Remember when pistachios were red?
When I was a little kid, pistachios came in bright red shells. You could always tell when somebody had been into the pistachios. There was no hiding it. Fingers, mouths, and faces were stained an unnatural cherry.
The reason why they were red was because Iran was our major source for pistachios. The producers dyed the shells to hide stains and imperfections. After the Iran hostage crisis in 1979, the American government imposed sanctions on the nation.
And when the disco-era ban on anything Iranian was in effect, pistachio trees in California, which had been planted in the 1800’s, flourished, and replaced the nuts from overseas. Due to time-sensitive handling, the shells remain pristine, and consequently, retain their natural hue.
Now it’s a lot harder to tell whose hands have been in the nut jar.
Poor Petey is one of those kids whose birthday falls right after the holidays, so we always try to make a fuss. I cook his favorites for dinner, and we make or buy him something very special for his gift.
The Kid and I had planned on making a coconut cake, but both of us are pretty coconut-phobic, so we decided to make him another sweet treat which had a certain level of difficulty. I could whip him up a batch of brownies in ten minutes—we wanted something which had expensive ingredients, and a high possibility of failure, so he could taste our loving efforts in every bite.I may have mentioned it before, but the man has a prodigious sweet tooth. He had to be the kind of toddler you’d find digging a spoon into a 5-pound bag of Domino.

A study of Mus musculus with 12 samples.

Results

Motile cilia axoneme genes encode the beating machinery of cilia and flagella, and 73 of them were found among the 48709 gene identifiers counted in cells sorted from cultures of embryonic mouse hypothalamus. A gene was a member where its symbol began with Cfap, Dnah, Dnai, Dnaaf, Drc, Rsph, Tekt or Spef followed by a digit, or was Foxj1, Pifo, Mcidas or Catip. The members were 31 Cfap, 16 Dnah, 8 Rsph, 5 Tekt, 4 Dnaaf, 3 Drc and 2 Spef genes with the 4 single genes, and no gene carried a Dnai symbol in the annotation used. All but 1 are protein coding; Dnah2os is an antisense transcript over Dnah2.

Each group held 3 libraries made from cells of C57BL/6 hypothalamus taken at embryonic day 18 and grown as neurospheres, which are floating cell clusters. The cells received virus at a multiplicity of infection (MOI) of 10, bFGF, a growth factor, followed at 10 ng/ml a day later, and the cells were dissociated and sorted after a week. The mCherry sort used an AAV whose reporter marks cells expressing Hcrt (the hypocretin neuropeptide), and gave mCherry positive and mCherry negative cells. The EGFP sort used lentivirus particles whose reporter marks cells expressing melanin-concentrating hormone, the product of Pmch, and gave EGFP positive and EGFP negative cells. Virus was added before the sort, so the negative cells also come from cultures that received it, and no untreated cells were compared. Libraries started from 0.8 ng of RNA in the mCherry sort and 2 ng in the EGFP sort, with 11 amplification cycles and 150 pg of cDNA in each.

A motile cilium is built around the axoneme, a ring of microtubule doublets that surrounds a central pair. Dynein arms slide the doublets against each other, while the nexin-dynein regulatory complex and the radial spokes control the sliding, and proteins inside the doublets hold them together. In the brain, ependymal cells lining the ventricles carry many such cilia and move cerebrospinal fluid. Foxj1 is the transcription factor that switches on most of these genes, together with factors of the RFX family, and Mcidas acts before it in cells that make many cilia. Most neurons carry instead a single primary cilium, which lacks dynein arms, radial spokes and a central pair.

We decided, because cooking sugar can be tricky, to make him nut brittle. And because a large bag of the shelled version runs around twenty dollars, we’d use pistachios. Folks, we were cooking without a net.
We based it on a recipe from Food and Wine magazine. But all brittle recipes are basically the same, with just a few variations of flavoring and finishing.
Petey’s Pistachio Birthday Brittle2 cups sugar
½ cup water
1 stick unsalted butter
1/3 cup light corn syrup
2 teaspoons vanilla
½ teaspoon baking soda
2 cups pistachios
Large, flaked sea salt
Prepare baking sheet. Grease a large rimmed sheet. Cover with parchment paper and grease paper, as well.
In a large saucepan, combine sugar, water, butter and corn syrup and bring to boil. Cook over moderately high heat, stirring occasionally, until the caramel is light brown and registers 300 on candy thermometer. Remove from heat and carefully stir in baking soda and vanilla. The mixture will bubble. Stir in nuts, then immediately scrape the brittle onto baking sheet. Using a greased silicone spatula or a greased offset spatula (The Kid and I worked together, so used both), spread brittle into thin, even layer. Sprinkle with salt. Let cool completely, about 30 minutes. Break brittle into large shards.The Kid has a genius trick from culinary school to clean pot and tools. Fill the pot with water, place in all the tools used (including candy thermometer) and put on burner set to medium high. By the time the water comes to a simmer, the sugar will be re-melted and wash right off.
It turned out beautiful and delicious. I guess growth in middle age is possible. It’s been five days since his birthday, and Petey still has some left. Not much, but some. Thanks for your time.